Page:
Political Ephemera (Lawrence, MA)

political2This collection is comprised of a variety of political ephemera collected by the library over many years.  Handbills used by candidates political1and political parties to encourage a particular vote are the most common type.  They vary from party line tickets to individual candidates or referenda.  The 2nd type of material is composed of advertisements in the form of handbills, broadsides, small newspapers, and mailings.   There are a number of specimens of official ballots.  Finally a few miscellaneous items include: Women registered to vote for school committee men, contribution notice for Republican Party, and letter requesting contributions to the Republic Party.

The charter for the organization of the Town of Lawrence was signed by the Massachusetts governor April 17, 1847.  Dan Weed, Justice of the Peace, issued the warrant to Charles S. Storrow.  Dan Weed called the first town meeting to order and Henry Flanders was chosen moderator, E.W. Morse Town Clerk, Daniel Saunders town treasurer, William Swan, Charles Abbott Nathan Wells, James Stevens, and L.D. Brown selectmen.  Ten constables were elected.  Five more town administrations were elected until the town became a city in 1853 and divided into 6 wards.  The City Charter was passed by the Massachusetts legislature March 21, 1853.  The election was scheduled for May 18 and Charles S. Storrow was elected the first mayor from the Whig Party.  The 2nd mayor was Enoch Bartlett elected by the Democratic Party.  Albert Warren ran as a Know-nothing candidate and won for both 1855 and 1856.  John R. Rollins ran as an independent and won in 1857.  1859 saw the Whig party supplanted by the Republican Party and Henry K. Oliver ran and won.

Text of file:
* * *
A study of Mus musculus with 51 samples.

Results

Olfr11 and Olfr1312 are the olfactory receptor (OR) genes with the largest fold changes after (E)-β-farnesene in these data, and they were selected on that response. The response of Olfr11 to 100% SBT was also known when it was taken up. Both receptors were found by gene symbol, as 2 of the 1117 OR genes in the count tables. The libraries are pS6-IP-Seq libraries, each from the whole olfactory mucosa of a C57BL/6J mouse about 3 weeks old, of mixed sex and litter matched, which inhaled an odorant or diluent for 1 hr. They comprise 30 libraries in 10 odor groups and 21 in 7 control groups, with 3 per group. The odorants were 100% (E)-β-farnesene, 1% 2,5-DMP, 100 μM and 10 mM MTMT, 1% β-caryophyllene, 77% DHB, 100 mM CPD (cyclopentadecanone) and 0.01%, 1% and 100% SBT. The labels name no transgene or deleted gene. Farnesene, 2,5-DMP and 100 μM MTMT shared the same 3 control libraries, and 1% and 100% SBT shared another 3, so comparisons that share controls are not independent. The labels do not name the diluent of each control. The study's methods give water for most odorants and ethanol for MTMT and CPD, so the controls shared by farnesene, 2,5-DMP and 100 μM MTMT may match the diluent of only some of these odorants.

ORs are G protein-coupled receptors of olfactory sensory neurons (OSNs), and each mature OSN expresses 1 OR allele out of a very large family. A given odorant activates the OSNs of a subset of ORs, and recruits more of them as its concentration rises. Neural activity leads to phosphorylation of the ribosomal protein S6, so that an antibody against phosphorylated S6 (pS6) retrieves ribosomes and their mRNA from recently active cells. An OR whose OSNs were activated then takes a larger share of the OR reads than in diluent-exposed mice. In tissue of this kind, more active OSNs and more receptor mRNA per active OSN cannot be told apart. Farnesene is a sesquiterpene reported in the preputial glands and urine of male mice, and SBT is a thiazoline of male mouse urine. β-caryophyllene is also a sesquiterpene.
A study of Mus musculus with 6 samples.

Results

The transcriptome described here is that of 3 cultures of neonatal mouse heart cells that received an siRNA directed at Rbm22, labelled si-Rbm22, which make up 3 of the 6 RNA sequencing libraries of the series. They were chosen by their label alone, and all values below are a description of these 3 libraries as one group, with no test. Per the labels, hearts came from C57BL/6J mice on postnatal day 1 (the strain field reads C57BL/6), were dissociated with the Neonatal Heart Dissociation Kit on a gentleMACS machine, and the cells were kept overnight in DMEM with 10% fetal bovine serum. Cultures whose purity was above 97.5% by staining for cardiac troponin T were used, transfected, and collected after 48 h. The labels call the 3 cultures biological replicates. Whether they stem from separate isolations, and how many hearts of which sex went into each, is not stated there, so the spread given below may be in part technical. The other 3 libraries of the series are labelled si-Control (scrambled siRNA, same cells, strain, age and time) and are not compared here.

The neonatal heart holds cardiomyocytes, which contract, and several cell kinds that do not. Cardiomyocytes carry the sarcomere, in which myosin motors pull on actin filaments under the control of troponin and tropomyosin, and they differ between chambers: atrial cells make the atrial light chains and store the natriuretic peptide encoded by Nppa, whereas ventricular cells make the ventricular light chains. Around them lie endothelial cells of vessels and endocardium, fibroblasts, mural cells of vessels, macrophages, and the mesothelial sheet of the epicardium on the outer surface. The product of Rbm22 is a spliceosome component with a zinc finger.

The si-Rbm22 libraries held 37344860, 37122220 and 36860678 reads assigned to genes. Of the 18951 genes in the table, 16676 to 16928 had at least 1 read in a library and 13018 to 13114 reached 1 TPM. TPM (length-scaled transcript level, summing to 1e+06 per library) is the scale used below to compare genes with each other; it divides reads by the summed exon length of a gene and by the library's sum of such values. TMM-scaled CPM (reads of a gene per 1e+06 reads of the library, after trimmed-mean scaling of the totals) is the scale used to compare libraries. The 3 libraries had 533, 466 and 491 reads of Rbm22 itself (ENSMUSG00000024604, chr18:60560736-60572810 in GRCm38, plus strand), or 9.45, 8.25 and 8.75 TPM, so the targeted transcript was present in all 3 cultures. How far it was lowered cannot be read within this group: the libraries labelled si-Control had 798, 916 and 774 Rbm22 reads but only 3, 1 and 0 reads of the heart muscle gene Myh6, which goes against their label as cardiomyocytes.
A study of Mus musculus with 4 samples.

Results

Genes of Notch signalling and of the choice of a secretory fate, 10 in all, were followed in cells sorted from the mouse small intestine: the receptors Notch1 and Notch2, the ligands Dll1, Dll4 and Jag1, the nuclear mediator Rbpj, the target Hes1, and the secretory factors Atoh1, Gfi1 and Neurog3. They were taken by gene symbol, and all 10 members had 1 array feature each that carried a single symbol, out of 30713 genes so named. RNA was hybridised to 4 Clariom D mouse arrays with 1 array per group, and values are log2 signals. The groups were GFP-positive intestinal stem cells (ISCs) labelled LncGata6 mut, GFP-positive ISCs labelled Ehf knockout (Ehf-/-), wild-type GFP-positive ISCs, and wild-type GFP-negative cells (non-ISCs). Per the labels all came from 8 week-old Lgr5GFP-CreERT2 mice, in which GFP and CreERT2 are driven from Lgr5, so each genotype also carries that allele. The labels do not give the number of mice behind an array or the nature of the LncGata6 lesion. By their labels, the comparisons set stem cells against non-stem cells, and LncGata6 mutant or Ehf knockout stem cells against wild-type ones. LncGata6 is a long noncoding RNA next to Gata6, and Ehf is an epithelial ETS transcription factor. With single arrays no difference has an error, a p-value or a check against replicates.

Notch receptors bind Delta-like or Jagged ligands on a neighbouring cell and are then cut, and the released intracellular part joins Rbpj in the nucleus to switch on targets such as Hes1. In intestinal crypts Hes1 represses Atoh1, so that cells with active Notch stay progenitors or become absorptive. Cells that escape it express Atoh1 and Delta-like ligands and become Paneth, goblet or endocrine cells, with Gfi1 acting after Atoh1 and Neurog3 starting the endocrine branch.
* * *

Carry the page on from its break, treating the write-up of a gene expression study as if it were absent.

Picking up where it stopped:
There was a smattering of other parties some of which actually registered significant votes in the latter part of the 19th century.  These included the Greenback Party, the Prohibition Party, Citizens’ Party, Peoples Party, Constitutional Union Party, Workingmen’s Party, and Independents.  The city would ultimately divide Republican/Democratic like the rest of the country with a proclivity to the Democratic Party.

In addition there are notebooks relating to the Lawrence Republican Party in the William Stuart collection.